Beginning with a long cinematic display, Blue Stinger immediately jumps out at you with crisp music and incredible graphics. The full motion video is top notch and a joy to witness. Most of the in-game graphics are equally appealing, with the exception of character detail sub-par for the Dreamcast. However, all of the backgrounds are superb, creating a great game environment.
The cinematic displays blend nicely with the actual game. Bosses often first appear in a cinematic display, then quickly shift to the in-game graphics. With so many unique environments, it’s refreshing to see the detail consistently above average. Most of the objects in the background can be interacted with, increasing Blue Stinger’s appeal.
By combining elements of Metal Gear Solid and Resident Evil, Blue Stinger provides a gripping storyline. Well-choreographed cinematic displays add a movie-like quality. Entering different rooms invokes different background tunes, each suited to creating an eerie ambiance to add tension and enjoyment. Voice acting and sound effects are as much part of the game as its background tracks. The sound effects, voice-overs, and music come together, except that the voice-acting and cinematic displays move along at quite a slow pace. There is also very foul language spewing from the characters’ mouths, something that most will smile at first, but frequency and use becomes irritating. Parents buying this game for their child should be forewarned: the graphic language pushes the limit. Another major problem is that characters move too slowly. Even when running, most gamers will wish their character would pick up the pace. Because there is reason to backtrack quite often, it gets a bit re petitive running at such a slow pace. Other than that, most controls are tight and concise.
Firing weapons is almost identical to Resident Evil — characters will automatically take aim at the nearest enemy, which limits the frustration factor quite a bit. Weapons and power-ups are found in many areas and once again resemble the type of interface we’re used to seeing in survival horror games. The difference here is that money, collected by destroying enemies buys firearms and ammunition from vending machines. That’s right, not only are hotdogs and hamburgers available from the vending machines, but also shotgun shells as well. After spending $130 dollars on a hotdog, most will be relieved that a case of shotgun shells runs at a mere $20.
Two characters are playable and you may toggle between them at any time during the game. Since each has his own strengths and weaknesses, it takes a bit of thinking when it comes to deciding when to use what character. Both characters control identically and react similarly when prompted. The main difference is their speed and weapons carried.
Most enemies are relatively easy to beat and offer no real challenge, while solving the puzzles is easy as well. Much of the difficulty comes from not knowing what to do or becoming disoriented. However, disorientation is kept to a minimum and only shows its face when entering a small room and trying to look around. Occasionally your exact short-term objective can be difficult to understand due to the technical words that are often used by computers and comrades. Once realized, each task is fairly logical and only novice gamers will find themselves stuck for any length of time.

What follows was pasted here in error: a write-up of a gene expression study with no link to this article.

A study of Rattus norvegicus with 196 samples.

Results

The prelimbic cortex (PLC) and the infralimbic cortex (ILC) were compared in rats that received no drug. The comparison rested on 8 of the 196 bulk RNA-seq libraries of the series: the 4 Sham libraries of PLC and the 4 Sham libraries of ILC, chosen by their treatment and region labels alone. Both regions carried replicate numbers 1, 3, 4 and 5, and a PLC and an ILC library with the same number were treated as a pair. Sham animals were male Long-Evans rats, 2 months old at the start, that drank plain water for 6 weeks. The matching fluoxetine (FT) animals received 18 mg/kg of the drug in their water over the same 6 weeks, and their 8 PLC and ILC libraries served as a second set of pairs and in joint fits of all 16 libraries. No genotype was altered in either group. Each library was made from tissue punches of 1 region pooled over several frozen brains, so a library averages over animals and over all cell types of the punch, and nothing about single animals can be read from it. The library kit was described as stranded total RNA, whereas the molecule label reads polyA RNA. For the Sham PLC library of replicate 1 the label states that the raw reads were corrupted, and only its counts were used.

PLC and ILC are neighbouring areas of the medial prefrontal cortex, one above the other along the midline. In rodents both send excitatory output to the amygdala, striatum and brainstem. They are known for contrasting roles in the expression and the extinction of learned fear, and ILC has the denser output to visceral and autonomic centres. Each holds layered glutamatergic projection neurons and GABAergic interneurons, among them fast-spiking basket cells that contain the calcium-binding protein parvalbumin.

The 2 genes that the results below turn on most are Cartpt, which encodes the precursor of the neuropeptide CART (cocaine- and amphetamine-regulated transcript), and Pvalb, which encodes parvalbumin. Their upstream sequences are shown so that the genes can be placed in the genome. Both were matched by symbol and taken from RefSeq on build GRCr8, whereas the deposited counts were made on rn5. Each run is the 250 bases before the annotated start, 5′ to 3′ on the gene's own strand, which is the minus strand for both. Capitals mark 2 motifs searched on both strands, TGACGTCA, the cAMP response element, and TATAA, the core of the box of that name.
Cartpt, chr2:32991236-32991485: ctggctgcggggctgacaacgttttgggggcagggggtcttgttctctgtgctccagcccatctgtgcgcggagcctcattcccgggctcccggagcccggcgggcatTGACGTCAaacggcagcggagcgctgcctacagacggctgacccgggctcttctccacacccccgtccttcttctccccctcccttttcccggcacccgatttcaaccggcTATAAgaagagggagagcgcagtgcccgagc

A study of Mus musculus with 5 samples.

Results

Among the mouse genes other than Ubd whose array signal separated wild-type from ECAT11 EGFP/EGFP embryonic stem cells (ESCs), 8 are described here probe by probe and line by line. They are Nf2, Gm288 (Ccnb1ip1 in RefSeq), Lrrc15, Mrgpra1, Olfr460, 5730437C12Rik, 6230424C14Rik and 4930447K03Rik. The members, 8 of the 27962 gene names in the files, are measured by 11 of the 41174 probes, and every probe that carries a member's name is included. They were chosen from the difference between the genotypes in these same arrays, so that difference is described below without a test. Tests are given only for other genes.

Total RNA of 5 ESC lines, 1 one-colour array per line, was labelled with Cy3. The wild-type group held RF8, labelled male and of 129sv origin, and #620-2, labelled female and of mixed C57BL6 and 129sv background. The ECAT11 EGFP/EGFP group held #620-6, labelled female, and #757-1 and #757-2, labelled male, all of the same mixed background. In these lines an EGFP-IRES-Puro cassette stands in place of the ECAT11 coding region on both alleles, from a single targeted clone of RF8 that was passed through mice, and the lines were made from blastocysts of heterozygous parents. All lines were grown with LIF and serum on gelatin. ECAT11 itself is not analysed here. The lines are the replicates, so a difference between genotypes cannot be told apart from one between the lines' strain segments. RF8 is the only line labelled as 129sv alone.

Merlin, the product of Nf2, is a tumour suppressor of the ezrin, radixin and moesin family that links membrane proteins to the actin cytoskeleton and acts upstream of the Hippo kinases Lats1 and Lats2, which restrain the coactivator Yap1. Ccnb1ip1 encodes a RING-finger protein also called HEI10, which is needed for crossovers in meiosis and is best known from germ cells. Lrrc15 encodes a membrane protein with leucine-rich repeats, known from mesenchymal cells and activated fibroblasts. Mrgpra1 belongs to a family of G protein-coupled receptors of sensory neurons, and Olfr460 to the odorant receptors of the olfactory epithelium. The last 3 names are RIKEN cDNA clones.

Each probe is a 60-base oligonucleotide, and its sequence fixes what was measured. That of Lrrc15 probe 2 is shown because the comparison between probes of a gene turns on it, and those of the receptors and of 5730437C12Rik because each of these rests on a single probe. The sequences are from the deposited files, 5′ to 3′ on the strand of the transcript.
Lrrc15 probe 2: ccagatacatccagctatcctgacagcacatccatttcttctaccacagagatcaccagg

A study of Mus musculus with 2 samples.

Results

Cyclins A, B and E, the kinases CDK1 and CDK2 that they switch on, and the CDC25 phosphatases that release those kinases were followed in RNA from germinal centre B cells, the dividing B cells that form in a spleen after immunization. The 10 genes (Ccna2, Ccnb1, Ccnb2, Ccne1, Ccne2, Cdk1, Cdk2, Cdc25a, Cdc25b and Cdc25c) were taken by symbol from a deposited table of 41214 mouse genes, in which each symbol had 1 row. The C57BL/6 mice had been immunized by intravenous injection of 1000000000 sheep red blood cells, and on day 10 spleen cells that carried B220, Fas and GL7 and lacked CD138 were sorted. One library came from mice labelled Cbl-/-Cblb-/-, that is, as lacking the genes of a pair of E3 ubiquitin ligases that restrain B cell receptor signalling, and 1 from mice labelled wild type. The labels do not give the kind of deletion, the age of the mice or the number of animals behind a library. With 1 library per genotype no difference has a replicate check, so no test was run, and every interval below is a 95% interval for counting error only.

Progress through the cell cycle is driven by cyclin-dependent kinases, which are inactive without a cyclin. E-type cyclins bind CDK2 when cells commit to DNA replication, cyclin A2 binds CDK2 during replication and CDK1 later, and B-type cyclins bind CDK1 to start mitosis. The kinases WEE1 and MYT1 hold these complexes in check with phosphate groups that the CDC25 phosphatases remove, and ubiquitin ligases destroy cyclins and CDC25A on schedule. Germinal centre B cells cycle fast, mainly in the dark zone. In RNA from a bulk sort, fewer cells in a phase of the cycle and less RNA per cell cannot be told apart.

Unfortunately, Blue Stinger offers very little replay value once the game is completed, although there are several cheats (such as unlimited ammunition) obtained by beating the game a second and third time. After completing the game, it should take you no longer than four hours to complete it again and this is due to the slow speed.
While not thoroughly disappointing, Blue Stinger doesn’t overly impress either. The lack of originality and slow game speed threaten boredom, but Blue Stinger makes a save with great graphics, above average voice-acting and excellent music. Unless you’re a huge fan of the genre, looking for a Dreamcast launch title, I wouldn’t suggest buying Blue Stinger. Better to spend your money on Resident Evil — CODE: Veronica.
Intensely decorated backgrounds and environments make up for the slight lack of character detail. Cinematic displays resemble the CGI of Toy Story and show off the power of the Dreamcast.
Graphic language is used when it’s not needed, but sounds, music, and decent voice- acting aid to the cinematic presence of the game.
While Blue Stinger finds itself right in the middle of the pack, neither shining brightly nor completely failing, it’s not up to par with popular survival horror games for the 32-bit PlayStation, and most will be better off avoiding the $50 price tag Blue Stinger carries. However, huge fans of the genre might want to rent before buying. All others should simply pass.
The genre doesn’t lend itself well to any sort of replay value. Once completing the game most will not see a reason to pick it up again. Without any outside aid, the game should be finished within thirty hours.
The manual does a nice job explaining the details, yet doesn’t offer any information about solving the game’s puzzles.